Donald Trump has a lot of Charisma. What!
As Jonah Goldberg, said in his article of the same title “let me finish.”
Whether you love him or abhor him Trump has charisma, otherwise, why would anyone follow him?
Now that potentially casts charisma in a bad light, a tool for evil some may say. However, we know that charisma is a highly sort after quality in leaders and the good news is we all have it. But be careful because “with great power comes great responsibility” according to Spider-Man and others.
I just heard you say that there is no way anyone could see you as charismatic! How do you know you’re not? As we have said everyone has some charisma – so then it’s just a matter of dialing it up when we need it! Which begs the question of course, how do you do that?
A lot has been written on ways an ‘uncharismatic’ leader can exert a positive influence, but I would like to refer you to Donald Riggio who has been studying 45 years of charisma research.
Donald Riggio describes four ways that we can stretch ourselves to build our charisma.
The first one is emotional expressiveness
Charismatic people he says are “very good at conveying emotions through their body language – tone of voice, facial expressions, and gestures”.
These are all things we can work on. Depending on your personal circumstance we can all vary either our voice, facial expressions and gestures or all three. For example, we can modulate our voice, we can smile and tilt our head quizzically as a gesture.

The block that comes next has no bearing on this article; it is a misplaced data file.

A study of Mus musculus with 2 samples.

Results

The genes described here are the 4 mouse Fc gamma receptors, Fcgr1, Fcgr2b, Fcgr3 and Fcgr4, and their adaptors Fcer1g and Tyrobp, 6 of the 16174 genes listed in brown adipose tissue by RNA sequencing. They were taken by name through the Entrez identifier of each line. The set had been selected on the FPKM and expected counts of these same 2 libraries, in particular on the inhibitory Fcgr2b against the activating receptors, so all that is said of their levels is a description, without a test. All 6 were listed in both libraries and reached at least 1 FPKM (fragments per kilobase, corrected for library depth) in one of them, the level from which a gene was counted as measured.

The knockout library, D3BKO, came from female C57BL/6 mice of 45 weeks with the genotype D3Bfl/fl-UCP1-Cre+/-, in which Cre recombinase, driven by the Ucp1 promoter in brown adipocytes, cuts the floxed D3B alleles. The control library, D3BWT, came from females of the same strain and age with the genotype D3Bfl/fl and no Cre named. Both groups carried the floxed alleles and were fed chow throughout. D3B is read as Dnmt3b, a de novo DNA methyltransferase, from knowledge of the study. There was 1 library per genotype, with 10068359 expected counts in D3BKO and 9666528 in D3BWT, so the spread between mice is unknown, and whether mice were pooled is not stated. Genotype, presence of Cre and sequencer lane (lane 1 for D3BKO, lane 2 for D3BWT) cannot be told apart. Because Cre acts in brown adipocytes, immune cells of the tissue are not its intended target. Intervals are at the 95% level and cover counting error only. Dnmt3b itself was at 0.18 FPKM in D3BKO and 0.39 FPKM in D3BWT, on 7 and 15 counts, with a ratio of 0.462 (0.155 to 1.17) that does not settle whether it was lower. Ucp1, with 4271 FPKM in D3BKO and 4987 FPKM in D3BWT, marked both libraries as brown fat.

The second one is empathic concern
Donald describes empathic concern as “the ability to read others’ emotions, feelings, and attitudes, and the ability to demonstrate that you are sympathetic.”
As we know empathy and sympathy are two different things and don’t often go hand in hand. Have a listen to Brené Brown describe the difference. I would also like to suggest that whilst reading people is an enviable skill Marcia Hughes suggests we can still engage empathetically by noticing the other person’s communication from the dimensions of the words and tone they are using, their movement, facial expressions, and gestures. If appropriate, then try to uncover the feeling they are experiencing and why they are feeling that way. Just listen. Don’t try and solve anything just listen.
Charismatic people are also “good at “working the room,” engaging others in social interaction and thinking on their feet.”
This is a bit trickier, as some people would rather die a thousand cuts than work a room. I don’t mind working a room, but unfortunately, I don’t get any further than the first person I meet, much to their displeasure. What you might like to do here is to pick your battle. Pick the event that you are going to make an all-out assault on, take a buddy and go for it. Make it a game and see how many people you can meet. Make it fun, not a nightmare.
Lastly verbal elements
Here charismatic people “speak in “picturesque” language, make good use of metaphors, use vivid storytelling to convey images and meaning”
We can do this as well. If we know there is an event coming up, do some homework and prepare a
- short anecdote about something that happened to you recently and practice it so it comes out the way you want.
- Find a metaphor. Humorously refer to your partner as a couch potato” or quote an artist like Bob Dylan describing your life by saying “Chaos is a friend of mine”
- Memorise a vivid short story. You’ll need a new one each time though.
Thanks to Donald Riggio we have four tactics to make us more charismatic and some ideas from me.